Consumer editor Emma McKinney returns to the city’s Great Western Arcade less than a year on from revealing the struggles of independent retailers and a grim picture of vacant units.
Last year things were looking grim for the owners of one of Birmingham’s oldest shopping arcades.
More than a dozen of Great Western Arcade’s units were empty as the recession took its grip, forcing struggling independents to fold.
Some blamed owners Aviva Investors for hiking up rents and said they feared the arcade, off Colmore Row in the city centre, would be empty within two years.
But now the Victorian arcade, which dates back to 1875, is experiencing a renaissance as specialist retailers have come knocking on the door wanting to open up shop.
Bosses say the change of fortunes has been helped not only by a £250,000 face-lift to restore the centre to its former historic glory, but also innovative ways of attracting new retailers – including offering some companies a three-month lease for £1.
Aviva says it is an “experimental approach” and is part of an on-going strategy to try and attract more firms, giving them a chance to “suck it and see” if the arcade suits their businesses, with a view to them then signing a long-term lease.
One firm that has grabbed the offer with both hands is bespoke tailors Norton & Townsend, which had previously being operating as a “travelling shop”, going direct to the customer rather than having a shop front.
The rock-bottom rent deal meant the firm finally had a chance to get a foothold in a top city centre location.
“The malaise of the high street has actually opened up a new dimension for us, giving us the opportunity to raise the profile of our brand,” says chief executive Austen Pickles. “We’re delighted to be in a beautifully historic part of Birmingham and indebted to the landlord for giving us an opportunity to see whether this is viable in the long term.
“We’ve only been open a matter of weeks and already we have been bowled over by the level of support we have received.”
And the arcade is preparing to welcome several more new tenants, as well as having existing tenants expand or renew their leases – something which has been a long time coming, according to centre manager Gay Faulkner.
“Being opposite Snow Hill train station and a link between the business and retail sections of the city, we are in an excellent position and attract an enviable footfall, yet the challenge we have had has always been to stop people on their way through,” she says. “The type of retailers which perform well in the arcade are those who spot the chance to offer something new which gels with other retailers here but also takes advantage of our location in the heart of the city.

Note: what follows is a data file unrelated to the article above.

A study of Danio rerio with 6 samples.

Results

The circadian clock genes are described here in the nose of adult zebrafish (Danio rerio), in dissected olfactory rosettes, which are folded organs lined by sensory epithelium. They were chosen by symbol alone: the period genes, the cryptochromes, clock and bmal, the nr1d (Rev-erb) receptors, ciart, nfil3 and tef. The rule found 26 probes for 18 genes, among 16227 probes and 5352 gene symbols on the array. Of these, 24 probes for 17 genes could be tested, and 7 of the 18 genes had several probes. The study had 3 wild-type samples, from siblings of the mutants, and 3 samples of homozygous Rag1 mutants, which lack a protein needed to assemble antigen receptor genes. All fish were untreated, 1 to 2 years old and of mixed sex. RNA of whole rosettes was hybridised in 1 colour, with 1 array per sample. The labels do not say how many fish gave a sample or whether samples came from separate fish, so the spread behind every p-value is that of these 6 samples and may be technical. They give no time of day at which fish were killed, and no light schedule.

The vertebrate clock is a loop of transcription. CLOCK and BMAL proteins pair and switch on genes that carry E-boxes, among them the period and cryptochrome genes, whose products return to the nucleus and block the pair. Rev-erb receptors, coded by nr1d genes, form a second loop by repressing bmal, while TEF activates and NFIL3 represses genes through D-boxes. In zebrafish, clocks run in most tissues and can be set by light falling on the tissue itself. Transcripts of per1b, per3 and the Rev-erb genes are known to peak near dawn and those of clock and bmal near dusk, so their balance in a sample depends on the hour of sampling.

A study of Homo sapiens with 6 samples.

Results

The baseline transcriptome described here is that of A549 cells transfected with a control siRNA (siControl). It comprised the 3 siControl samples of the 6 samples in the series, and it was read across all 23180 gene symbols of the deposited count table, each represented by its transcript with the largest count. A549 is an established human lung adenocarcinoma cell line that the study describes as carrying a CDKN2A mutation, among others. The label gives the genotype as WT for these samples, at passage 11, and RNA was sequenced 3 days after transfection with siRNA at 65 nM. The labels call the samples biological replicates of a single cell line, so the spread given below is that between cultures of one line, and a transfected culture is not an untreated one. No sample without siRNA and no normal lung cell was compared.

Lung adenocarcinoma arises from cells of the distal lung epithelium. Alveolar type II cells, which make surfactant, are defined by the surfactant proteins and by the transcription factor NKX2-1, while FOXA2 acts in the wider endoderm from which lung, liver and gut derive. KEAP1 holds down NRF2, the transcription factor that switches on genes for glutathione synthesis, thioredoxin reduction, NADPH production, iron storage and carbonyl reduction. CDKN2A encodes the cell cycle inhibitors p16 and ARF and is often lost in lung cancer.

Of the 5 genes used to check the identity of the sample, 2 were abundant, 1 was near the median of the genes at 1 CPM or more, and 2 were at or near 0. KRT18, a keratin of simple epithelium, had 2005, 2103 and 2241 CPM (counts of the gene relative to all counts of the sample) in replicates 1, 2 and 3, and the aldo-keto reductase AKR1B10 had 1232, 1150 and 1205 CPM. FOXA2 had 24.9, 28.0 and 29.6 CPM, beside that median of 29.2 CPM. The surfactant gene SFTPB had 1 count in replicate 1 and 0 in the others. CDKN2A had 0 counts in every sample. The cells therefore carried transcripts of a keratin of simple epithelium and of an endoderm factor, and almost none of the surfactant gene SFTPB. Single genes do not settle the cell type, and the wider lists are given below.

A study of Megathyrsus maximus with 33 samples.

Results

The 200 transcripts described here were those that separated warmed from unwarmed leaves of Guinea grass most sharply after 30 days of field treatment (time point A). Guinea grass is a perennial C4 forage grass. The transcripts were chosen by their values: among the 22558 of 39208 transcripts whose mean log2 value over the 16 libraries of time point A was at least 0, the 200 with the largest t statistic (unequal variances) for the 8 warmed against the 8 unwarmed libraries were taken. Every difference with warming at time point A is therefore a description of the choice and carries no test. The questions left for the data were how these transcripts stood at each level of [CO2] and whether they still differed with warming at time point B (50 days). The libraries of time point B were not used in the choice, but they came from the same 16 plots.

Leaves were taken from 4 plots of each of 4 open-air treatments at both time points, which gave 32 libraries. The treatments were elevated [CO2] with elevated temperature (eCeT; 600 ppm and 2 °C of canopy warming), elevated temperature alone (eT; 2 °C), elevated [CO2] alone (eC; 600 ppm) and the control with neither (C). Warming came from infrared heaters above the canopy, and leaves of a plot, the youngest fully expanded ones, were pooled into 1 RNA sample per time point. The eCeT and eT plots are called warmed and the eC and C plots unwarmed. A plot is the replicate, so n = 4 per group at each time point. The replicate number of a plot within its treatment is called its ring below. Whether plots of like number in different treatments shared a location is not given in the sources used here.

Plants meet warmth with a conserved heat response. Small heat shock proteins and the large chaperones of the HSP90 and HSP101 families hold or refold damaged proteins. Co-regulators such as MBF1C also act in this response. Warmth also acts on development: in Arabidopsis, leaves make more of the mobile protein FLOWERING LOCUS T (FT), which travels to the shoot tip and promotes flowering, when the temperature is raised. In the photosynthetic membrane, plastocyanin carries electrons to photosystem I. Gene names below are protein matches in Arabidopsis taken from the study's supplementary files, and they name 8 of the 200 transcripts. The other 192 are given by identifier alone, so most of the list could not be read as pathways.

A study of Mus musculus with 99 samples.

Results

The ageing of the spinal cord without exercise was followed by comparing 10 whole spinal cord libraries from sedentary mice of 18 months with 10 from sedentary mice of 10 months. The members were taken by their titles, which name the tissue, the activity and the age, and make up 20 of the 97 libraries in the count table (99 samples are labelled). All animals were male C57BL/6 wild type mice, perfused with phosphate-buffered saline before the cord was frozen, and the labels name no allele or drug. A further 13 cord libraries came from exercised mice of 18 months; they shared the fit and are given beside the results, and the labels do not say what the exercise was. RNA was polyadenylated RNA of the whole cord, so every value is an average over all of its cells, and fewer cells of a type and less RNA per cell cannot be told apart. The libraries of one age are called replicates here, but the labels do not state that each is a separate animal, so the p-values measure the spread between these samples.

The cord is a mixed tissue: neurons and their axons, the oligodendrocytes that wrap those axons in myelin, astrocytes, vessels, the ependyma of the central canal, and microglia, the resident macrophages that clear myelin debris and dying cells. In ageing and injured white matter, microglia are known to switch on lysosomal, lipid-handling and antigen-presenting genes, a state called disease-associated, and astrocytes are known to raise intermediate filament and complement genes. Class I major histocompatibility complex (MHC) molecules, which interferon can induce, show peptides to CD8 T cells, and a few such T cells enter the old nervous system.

“It has taken time but slowly the arcade has built up a hub of tenants which offer different things but are ultimately complementary and so will appeal to a similar type of customer.
“By continuing to attract appealing and complementary groups of tenants we can continue to build our ideal retail profile and give shoppers more reasons to spend longer in the arcade.”
Later this summer connoisseur whisky store Glenkeir, will open a shop in the arcade which Ms Faulkner believes will complement existing speciality food and drink stores such as traditional confectioners Mr Simms Olde Sweet Shoppe; luxury chocolaterie Chouchoute; boutique bakery The Bread Collection and fine foods retailer Anderson & Hill.
She also welcomed the recent opening of new silver jeweller Ethos and said watch firm Past Times is also on its way, adding to existing gift and accessory stores such as The Pen Shop, Parchment and Funky Accessories.
A big success story for the arcade has been the expansion of Benjamin Ryan Hair, a tenant for the last five years, which has recently moved to a larger unit quadrupling the salon’s size and giving the company the chance to offer beauty and holistic treatments in addition to its existing hair styling services.
Claudia Santillo, operations director at the business, says: “The new salon is a dream come true for the team, which has worked tirelessly to ensure the salon represents our vision.
“We think being situated in a beautiful listed building within the Great Western Arcade, with a design which stems from an eclectic mix of old and new offers consumers something different and will prove to be a strong draw to those visiting the centre.”
With the vast majority of the arcade’s tenants being independent retailers, both tenants and owners alike hope it will draw in new shoppers.
“We may be old-fashioned in our approach but our customers have a real affection for the independents, particularly as this sector bore the brunt of the recession,” adds Norton & Townsend’s Mr Pickles.
“Five years ago the high street was full of the same faces, it didn’t matter where you went in the country, everywhere looked the same. Now, with the return of the independents, customers will have so much choice.”
Jonathan Cheetham, chairman of Retail Birmingham, a not-for-profit company set up four years ago to promote the city’s 1,000 shops, bars and restaurants, says: “Birmingham has justly gained an international reputation as a leading shopping destination and we recognise the importance of the city’s independent offer and the part that such retailers play in creating a unique and vibrant shopping experience for its visitors.
“As an organisation at the heart of nurturing and promoting the retail offer within the city, we will continue to support the valuable initiatives such as those adopted by Great Western Arcade to attract such retailers, whilst also encouraging shoppers and visitors alike to explore and enjoy the vast range of hidden gems we have to offer here.”